Date of publication: December 20, 2016

News & Views

ASN Kidney Week 2016: Controlling Hyperphosphatemia with Diet and Phosphate Binders in Dialysis Patients

Balancing dietary restrictions with effective phosphate binder use was a key theme of the CKD-MBD presentations at the ASN Kidney Week 2016 congress in Chicago.

Results from the FrEDI study

During an educational symposium on balancing the various strategies to manage hyperphosphatemia, Professor Kalantar-Zadeh presented results from the FrEDI study. [1] In avoiding foods with high phosphorus content, dialysis patients often end up with a low-protein diet, a significant predictor of mortality in haemodialysis patients. The FrEDI study looked at the effect of providing hypoalbuminaemic dialysis patients with either:

  • a high-protein meal during dialysis combined with a potent phosphate binder (the meal contained 50-55g protein and 400-500mg phosphorus), or
  • a low-protein, low-phosphorus meal during dialysis (<1 g protein and <20mg phosphorus)

The primary composite outcome was a rise in serum albumin of ≥0.2 g/dL while maintaining phosphorus between 3.5–<5.5mg/dL. Of the patients receiving the high-protein meals, 27% achieved an increase in serum albumin and controlled serum phosphorus compared with 12% in the low-protein meal group.[1]

A meaningful rise in interleukin-6 level was reported in 31% of the patients in the low-protein group versus 9% in the high-protein group. Prof Kalantar-Zadeh and colleagues concluded that combining high-protein meals with a potent phosphate binder during dialysis in hypoalbuminaemic patients is safe and effective in increasing serum albumin while controlling serum phosphorus.[1]

During discussion it was noted that the provision of such meals during dialysis was relatively commonplace in some European countries, but was not part of standard clinical practice in the United States.

Why did the recent update to the US Nutrition Facts label not mandate the inclusion of phosphorus content?

In a popular presentation on Thursday afternoon, Mona Calvo reviewed the recent changes to the US Nutrition Facts label and outlines why phosphorus content was not mandated for inclusion. She explained to the audience that:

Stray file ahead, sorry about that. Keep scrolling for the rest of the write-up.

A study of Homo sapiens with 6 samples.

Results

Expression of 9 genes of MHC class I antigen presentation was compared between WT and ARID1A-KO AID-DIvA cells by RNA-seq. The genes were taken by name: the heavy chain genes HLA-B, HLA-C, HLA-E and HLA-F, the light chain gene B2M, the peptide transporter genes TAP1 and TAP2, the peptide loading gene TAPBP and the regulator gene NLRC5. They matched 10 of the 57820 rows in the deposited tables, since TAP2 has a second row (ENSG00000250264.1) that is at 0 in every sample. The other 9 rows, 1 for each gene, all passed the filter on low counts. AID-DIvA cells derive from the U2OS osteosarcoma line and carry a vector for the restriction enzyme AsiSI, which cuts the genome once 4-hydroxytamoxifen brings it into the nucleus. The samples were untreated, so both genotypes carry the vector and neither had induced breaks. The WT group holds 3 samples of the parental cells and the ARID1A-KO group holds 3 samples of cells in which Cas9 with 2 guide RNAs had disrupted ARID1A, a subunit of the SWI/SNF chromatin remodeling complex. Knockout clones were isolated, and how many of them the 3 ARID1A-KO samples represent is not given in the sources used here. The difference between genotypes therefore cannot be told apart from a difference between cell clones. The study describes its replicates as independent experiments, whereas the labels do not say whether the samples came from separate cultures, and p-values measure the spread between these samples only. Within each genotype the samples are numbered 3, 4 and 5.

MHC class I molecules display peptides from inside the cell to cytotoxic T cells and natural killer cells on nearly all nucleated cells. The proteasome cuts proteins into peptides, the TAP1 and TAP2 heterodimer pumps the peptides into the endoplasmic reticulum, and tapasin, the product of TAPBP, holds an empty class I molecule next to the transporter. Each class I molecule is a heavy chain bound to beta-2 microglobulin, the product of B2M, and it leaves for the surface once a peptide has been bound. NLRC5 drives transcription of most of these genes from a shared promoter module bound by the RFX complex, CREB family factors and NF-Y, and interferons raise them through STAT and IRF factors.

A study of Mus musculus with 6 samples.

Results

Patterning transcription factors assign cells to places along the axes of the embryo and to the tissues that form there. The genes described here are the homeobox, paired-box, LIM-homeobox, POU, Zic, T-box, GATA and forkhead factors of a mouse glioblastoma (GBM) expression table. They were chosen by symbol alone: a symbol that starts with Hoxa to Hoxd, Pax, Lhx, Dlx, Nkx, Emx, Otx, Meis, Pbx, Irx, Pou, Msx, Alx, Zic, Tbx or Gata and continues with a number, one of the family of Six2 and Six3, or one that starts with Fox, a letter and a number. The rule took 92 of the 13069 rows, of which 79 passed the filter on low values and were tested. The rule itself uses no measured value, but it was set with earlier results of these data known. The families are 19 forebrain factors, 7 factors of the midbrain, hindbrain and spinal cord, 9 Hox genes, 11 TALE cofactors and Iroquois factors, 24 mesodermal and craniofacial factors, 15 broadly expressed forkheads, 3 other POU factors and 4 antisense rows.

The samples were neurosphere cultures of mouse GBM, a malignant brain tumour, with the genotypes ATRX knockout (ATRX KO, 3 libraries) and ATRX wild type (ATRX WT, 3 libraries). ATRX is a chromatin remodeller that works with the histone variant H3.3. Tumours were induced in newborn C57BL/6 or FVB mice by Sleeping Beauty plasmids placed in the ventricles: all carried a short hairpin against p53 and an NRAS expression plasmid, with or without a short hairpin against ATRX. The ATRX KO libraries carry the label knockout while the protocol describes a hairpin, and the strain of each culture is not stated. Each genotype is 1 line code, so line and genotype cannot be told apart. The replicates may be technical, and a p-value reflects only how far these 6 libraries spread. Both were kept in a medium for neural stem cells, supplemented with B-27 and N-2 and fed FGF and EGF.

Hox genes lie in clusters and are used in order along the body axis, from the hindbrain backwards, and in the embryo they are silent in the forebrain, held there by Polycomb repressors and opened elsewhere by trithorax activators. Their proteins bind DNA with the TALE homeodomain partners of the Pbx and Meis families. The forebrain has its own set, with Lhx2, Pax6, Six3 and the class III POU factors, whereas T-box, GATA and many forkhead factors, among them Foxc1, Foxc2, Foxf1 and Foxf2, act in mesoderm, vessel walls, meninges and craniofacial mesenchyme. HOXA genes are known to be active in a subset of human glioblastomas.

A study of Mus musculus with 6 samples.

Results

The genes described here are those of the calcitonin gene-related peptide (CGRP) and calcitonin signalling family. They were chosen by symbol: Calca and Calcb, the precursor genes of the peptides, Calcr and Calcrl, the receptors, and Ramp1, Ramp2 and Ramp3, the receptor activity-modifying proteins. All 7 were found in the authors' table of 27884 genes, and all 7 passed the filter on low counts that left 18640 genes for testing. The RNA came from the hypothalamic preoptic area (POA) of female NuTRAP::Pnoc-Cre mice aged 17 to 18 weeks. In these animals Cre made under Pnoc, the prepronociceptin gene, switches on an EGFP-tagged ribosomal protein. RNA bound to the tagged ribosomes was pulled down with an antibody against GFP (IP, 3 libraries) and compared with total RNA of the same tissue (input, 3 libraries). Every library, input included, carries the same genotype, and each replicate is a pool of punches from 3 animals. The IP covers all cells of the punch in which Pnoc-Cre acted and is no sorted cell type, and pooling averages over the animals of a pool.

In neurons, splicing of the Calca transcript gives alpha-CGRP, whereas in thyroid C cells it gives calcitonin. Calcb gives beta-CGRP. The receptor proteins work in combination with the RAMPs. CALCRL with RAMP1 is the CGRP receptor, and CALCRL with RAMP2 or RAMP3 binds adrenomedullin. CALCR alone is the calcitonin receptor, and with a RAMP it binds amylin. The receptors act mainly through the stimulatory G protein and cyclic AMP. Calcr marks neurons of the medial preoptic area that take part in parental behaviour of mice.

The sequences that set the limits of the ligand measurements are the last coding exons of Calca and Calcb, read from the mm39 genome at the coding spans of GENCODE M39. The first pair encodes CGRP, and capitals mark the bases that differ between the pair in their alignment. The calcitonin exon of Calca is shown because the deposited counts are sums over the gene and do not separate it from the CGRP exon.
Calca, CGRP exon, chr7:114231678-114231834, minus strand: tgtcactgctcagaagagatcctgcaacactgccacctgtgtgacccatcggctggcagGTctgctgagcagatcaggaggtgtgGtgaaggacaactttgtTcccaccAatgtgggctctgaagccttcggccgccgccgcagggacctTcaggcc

• The FDA’s view was that Nutrition Facts label information “has never been, nor is it now, targeted to individuals with acute or chronic disease (including CKD)”; as a result, phosphorus content was not listed as a mandatory requirement in nutrition labels, except where the item was fortified with phosphorus
  • The daily values for phosphorus were increased from 1000 mg/d to 1250 mg/d in the May 2016 label update; both physicians and patients needed to be aware of this when reviewing % calculations of daily values
  • There was no differentiation required in terms of labelling organic and inorganic phosphate

Real-world data on sucroferric oxyhydroixide

Several posters presented at ASN Kidney Week reported real-world data relating to the use of sucroferric oxyhydroxide (SO).

Dr Linda Ficociello et al. used the DOPPS database to highlight the high levels of hyperphosphatemia in haemodialysis patients (36%), despite widespread use of phosphate binders.[2] They then looked at the phosphorus levels and pill burden over a 12-month period in 306 haemodialysis patients who had been prescribed SO:

  • At baseline, the mean serum phosphorus was 7.0mg/dl, with only 17.5% of patients achieving a serum phosphorus target of ≤5.5mg/dl.
  • In the 12 months of SO prescription, 31% -42% of patients achieved a serum phosphorus ≤5.5mg/dl, an increase of >75% compared to baseline.
  • The significant change in serum phosphorus was accompanied by a reduction in pill burden, from 8.3 pills/day at baseline to 4.1-4.3 in the 12 months of SO.[2]

In a second poster, Dr Ficociello et al. looked specifically at the changes when patients switched from calcium acetate to SO. This analysis also showed a significant increase in patients achieving target serum phosphorus (from 15.8% at baseline to a high of 36.7% with SO) whilst experiencing a reduced pill burden (from 8.5 with calcium acetate to 4-4.5 with SO).[3]

The same team also looked at patients switching from sevelamer to SO.[4] Again, a greater percentage of patients achieved serum phosphorus target of ≤5.5mg/dl with a significantly reduced pill burden.[4]

Pill burden can be a significant barrier to compliance in patients with chronic kidney disease, and these real-world studies suggest that greater control of serum phosphorus can be achieved at a lower pill burden with SO.[2-4]


  1. Kamyar Kalantar-Zadeh.
  2. Abstract: [FR-PO420] Serum Phosphorus and Pill Number per Day in Hyperphosphatemic Hemodialysis Patients (n=306) Prescribed Sucroferric Oxyhydroxide for 12 Months.
  3. Abstract: [FR-PO421] Pill Burden and Serum Phosphorus in Hemodialysis Patients Switched from Calcium Acetate to Sucroferric Oxyhydroxide as Part of Routine Care.
  4. Abstract: [FR-PO428] Pill Burden and Serum Phosphorus in Hemodialysis Patients Switched from Sevelamer to Sucroferric Oxyhydroxide.